Former Sen. Richard Lugar, the six-termer from Indiana who lost his primary fight to tea party favorite Richard Murdouck last May, has picked up a new title: He's been awarded the Knight Commander of the Most Excellent Order of the British Empire, or KBE, his office announced.
Little noticed in the warm glow of President Barack Obama's landmark visit to Myanmar was a significant concession that could shed light on whether that nation's powerful military pursued a clandestine nuclear weapons program, possibly with North Korea's help.
Last year, farmer Marlin Stutzman collected $30,813 in direct federal subsidies for his Stuzman Farms in Indiana and southern Michigan.
There's no stopping Democrats out for political blood. Richard Mourdock, the Indiana Republican locked in a close contest with Democrat Joe Donnelly for a U.S. Senate seat, offered a badly phrased comment about abortion in rape cases during a debate Tuesday.
With protesters in the audience chanting, ringing cowbells and waving red umbrellas, the AIDS 2012 session couldn't be called completely congenial.
Over the past two years, GOP primaries have ended the careers of several veteran Republican politicians who were backed by the party's establishment. Utah Sen. Orrin Hatch is seeking to avoid the same fate in his first primary challenge since winning office in 1976.
He chairs one of Capitol Hill's most powerful committees, won his 2010 race with 62 percent of the vote and even boasts a niece who graced Sports Illustrated's swimsuit-edition cover. But all that hasn't saved Rep. Fred Upton of Michigan from a strong Republican primary challenge.
Orrin G. Hatch appeared to be coasting to victory in Utah's Republican Senate primary, and then Richard G. Lugar happened.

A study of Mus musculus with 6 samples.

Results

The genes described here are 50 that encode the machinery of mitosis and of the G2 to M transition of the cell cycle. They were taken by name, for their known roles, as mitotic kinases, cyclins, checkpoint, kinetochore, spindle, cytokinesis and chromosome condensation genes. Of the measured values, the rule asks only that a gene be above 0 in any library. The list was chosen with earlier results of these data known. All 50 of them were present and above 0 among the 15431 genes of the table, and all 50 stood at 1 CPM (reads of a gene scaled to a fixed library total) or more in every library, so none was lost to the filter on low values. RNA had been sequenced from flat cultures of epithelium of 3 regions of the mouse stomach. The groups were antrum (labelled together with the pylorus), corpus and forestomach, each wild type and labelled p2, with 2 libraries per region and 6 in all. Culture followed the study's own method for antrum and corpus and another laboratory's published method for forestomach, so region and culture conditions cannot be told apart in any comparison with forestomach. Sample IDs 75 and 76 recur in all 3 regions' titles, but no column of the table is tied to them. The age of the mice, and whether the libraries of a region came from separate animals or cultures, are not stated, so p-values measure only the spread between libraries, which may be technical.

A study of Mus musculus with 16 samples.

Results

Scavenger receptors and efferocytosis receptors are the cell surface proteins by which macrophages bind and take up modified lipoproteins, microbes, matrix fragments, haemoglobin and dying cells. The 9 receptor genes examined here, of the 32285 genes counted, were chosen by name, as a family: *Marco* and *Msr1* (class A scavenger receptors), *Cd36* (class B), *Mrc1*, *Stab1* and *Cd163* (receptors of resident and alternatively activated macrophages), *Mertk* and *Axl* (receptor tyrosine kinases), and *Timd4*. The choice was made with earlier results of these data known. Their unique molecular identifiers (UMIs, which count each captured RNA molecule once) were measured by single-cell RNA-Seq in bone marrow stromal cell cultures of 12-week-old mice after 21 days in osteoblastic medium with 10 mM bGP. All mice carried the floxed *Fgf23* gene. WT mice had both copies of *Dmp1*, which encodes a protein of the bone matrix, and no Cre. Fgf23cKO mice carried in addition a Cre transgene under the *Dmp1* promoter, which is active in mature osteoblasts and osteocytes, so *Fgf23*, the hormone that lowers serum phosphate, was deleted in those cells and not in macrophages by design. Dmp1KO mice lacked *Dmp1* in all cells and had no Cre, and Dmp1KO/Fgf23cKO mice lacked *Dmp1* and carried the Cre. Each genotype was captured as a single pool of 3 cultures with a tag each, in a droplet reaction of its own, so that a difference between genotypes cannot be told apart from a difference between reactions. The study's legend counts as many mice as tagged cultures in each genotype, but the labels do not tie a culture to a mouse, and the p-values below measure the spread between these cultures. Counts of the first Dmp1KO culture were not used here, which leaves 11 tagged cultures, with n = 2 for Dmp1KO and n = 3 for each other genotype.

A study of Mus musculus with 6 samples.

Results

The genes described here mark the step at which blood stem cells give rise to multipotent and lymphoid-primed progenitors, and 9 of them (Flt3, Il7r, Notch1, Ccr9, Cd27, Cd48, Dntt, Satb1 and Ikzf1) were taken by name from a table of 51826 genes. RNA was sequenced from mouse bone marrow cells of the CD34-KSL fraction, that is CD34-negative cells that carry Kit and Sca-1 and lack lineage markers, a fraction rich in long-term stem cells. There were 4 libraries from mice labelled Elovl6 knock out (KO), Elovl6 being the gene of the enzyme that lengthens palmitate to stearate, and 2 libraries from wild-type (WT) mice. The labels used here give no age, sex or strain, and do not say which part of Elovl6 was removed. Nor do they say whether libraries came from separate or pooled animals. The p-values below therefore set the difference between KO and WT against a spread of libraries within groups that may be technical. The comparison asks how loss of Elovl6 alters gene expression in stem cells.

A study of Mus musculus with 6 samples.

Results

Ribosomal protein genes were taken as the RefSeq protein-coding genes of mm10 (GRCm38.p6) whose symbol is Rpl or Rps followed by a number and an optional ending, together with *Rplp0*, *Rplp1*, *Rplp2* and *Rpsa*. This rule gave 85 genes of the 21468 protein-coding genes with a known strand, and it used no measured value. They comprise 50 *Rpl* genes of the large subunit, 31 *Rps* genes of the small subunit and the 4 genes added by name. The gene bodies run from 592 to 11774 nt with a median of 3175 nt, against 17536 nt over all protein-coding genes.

For Senate Republicans, 2012 is starting a lot like 2010. They have a shot at taking control away from Democrats as long as insurgent conservatives who are defeating the party's more establishment candidates in primaries don't frighten too many independent voters like they did two years ago.
An insurgent Republican lawmaker in Nebraska will square off against former Sen. Bob Kerrey this fall in the state's U.S. Senate race, as Democrats look to hold onto the Senate seat and control of one part of Capitol Hill.
One day after the stunning defeat of six-term Sen. Richard G. Lugar in Indiana's GOP primary by tea party favorite Richard Mourdock, Democrats in Washington publicly mourned the veteran lawmaker's loss, while Republicans, for the most part, didn't want to talk about it.
The face of Indiana politics for nearly four decades, Republican Sen. Richard G. Lugar is battling for political survival against a tea party-backed GOP challenger who says the senator has become more interested in compromising with liberals in Washington than representing conservatives back home.
Smashmouth politics, the norm nearly everywhere else, has overtaken "Indiana nice" on the banks of the old Wabash. A lion of the Senate ‚ as Senate lions are now measured — is likely to fall today.
If longtime Sen. Richard G. Lugar of Indiana loses his Republican primary Tuesday, several factors invariably will be blamed for his downfall: His advanced age (80); the aggressive campaign of his challenger, and the lawmaker's moderate views, which increasingly rub against a party pulling to the political right.
Locked into a fierce GOP primary fight that has Democrats dreaming of an unexpected chance to pick up a U.S. Senate seat, Sen. Richard G. Lugar of Indiana is struggling to deflect an onslaught of attacks by tea-party sympathizers trying to oust him in favor of state Treasurer Richard Mourdock.
Sen. Richard Lugar, R-Ind., the most prominent voice in Congress on nonproliferation, said international concern would persist until Myanmar gives full disclosure of its relationship with Pyongyang.
"The concern of the international community will not pause until full disclosure of the North Korea-Burma relationship is achieved," Lugar said.